Thursday, May 23, 2024

Thurrock tenants could get 50% off on buying council houses

HUNDREDS OF council houses in Thurrock could be sold to their tenants under Government plans to revive Margaret Thatcher’s landmark ‘Right to Buy’ scheme.

Ministers are to offer heavy discounts – worth up to 50 per cent – in a bid to persuade people to buy their homes. The proceeds will then be ploughed back directly into building new homes in the area.

The Government hopes that the new drive could result in another 100,000 homes being built around the country, creating 200,000 jobs.

The move will be formally announced by David Cameron and Nick Clegg on Monday, when they will also reveal further measures to kick-start the housing market reports the Daily Mail.

There will be targeted help for first-time buyers, in which the government will partially underwrite mortgages worth up to 95 per cent of a home’s value.

Mr Cameron told the Conservative Party conference last month: ‘We’re saying let’s bring back the right to buy your council house with proper discounts that Labour got rid of, and let’s use that money as young people choose to buy their council home, let’s use that money to build homes for rent, for low rents for families that are currently stuck on the housing list.

‘You know over two million homes, I think, are still available to be bought. So this is something that can make a big difference.’

The original Right to Buy scheme of the 1980s was one of the most popular policies of the Thatcher era.

Generous discounts of up to 60 per cent were offered, encouraging some two million homes tenants to buy their own council homes between 1980 and 1998.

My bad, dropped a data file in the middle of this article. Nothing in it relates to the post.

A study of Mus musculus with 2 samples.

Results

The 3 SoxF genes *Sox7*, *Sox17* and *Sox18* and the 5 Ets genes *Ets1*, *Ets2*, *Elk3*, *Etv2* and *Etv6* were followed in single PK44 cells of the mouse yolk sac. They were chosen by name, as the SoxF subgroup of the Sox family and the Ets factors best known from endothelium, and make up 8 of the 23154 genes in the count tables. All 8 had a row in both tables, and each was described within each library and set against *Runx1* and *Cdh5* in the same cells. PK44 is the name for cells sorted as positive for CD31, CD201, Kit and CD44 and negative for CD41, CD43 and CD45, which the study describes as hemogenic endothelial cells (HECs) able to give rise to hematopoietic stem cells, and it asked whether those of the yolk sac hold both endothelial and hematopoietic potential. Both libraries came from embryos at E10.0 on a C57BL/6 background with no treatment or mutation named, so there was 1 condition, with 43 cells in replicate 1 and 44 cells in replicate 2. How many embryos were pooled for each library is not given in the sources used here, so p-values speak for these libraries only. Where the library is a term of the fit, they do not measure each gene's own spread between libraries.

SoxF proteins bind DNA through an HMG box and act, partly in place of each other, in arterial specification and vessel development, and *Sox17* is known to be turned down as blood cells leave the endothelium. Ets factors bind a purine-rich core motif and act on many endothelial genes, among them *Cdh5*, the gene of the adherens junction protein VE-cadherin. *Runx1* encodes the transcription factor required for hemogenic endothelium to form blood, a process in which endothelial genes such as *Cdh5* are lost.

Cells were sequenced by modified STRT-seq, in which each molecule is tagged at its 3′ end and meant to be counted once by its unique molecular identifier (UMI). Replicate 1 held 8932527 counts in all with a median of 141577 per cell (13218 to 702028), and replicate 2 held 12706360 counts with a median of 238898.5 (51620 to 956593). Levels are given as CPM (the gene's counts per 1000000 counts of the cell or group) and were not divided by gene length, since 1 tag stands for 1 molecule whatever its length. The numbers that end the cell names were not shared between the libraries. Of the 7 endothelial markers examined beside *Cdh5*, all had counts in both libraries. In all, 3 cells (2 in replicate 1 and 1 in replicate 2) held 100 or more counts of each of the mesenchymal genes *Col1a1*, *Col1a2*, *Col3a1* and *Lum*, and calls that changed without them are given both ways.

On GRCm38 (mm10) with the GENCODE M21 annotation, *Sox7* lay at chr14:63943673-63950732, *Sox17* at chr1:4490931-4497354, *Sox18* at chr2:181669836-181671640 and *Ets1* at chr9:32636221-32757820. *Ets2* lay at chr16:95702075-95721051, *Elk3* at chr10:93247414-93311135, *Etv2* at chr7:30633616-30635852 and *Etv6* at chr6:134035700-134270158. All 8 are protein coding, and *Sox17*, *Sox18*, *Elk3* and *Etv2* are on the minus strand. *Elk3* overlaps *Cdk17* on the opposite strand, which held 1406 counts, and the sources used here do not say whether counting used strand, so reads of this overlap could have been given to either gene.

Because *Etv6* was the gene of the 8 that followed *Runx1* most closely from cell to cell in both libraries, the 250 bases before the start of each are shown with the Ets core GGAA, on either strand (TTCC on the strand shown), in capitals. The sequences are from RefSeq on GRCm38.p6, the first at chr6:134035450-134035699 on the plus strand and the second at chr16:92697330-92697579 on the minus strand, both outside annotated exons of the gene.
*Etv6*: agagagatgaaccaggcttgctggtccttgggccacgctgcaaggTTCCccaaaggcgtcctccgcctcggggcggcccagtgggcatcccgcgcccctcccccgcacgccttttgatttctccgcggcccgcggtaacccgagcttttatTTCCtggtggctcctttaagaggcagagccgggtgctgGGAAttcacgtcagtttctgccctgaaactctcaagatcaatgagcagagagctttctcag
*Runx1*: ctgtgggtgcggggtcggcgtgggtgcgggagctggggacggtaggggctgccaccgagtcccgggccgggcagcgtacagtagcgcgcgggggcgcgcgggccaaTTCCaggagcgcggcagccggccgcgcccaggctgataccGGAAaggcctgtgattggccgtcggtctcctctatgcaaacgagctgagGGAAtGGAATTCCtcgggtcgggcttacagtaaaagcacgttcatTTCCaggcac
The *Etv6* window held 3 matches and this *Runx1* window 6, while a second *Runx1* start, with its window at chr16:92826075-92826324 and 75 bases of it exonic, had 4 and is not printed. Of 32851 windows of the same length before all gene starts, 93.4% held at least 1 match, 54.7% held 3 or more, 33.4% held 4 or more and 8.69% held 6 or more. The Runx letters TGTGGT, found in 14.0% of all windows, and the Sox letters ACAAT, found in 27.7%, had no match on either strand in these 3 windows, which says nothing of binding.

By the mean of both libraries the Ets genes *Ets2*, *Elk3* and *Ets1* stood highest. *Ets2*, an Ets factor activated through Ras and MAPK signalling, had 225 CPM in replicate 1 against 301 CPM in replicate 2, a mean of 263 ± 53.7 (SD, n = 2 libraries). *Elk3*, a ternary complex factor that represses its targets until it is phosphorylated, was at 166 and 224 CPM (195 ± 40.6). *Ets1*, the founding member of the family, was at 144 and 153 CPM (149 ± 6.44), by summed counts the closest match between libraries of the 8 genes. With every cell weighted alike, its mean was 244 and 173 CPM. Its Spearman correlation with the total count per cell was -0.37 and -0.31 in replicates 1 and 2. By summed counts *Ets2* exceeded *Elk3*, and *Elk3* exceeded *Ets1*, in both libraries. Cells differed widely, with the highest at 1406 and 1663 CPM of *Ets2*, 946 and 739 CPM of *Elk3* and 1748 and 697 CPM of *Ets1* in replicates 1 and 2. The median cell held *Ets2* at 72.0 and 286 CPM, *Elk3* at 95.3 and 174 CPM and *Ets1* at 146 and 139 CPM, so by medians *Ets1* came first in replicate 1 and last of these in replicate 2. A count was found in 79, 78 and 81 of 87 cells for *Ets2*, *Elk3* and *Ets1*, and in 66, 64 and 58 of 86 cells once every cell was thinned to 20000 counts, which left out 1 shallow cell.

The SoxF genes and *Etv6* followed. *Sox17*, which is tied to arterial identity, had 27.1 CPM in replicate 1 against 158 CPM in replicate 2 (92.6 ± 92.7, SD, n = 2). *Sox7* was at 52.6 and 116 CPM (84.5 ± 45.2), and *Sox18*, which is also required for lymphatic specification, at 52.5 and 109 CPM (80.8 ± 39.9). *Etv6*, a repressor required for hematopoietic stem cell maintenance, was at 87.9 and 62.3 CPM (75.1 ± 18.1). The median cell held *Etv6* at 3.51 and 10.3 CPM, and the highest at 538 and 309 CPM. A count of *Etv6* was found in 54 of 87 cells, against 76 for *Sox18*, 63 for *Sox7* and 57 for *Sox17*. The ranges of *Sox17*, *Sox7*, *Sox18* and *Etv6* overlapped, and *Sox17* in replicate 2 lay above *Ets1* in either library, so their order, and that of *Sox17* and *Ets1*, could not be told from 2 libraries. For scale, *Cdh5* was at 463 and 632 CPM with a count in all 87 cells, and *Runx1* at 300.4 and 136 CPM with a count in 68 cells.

Slim pickings: John Prescott had continued the scheme when Labour were in power but discounts were capped at £38,000

Although the scheme continued under Labour, the level of discount was capped by John Prescott at a maximum of £38,000. Last year just 3,690 homes were sold under the scheme.

It is expected that long-term tenants could now qualify for discounts of about 50 per cent, so that a tenant could buy a home worth £120,000 for just £60,000.

Local authorities will be required to replace every council house sold on a ‘one for one basis’.

Limits will also be set to ensure that council tenants living in fashionable areas were not turned into overnight ‘millionaires’.

Mr Cameron will also confirm that thousands of acres of publicly-owned land are to be released by the Government for house building, which has fallen to the lowest level since the 1920s.

Up to 100,000 homes are expected to be built under the scheme, which is designed to support growth and improve affordability in the housing market.

Cash-strapped developers will be given the opportunity to pay for the land later, when properties are sold, thereby by-passing the lack of upfront finance.

About 7,000 acres of land are involved, most of which has been previously developed.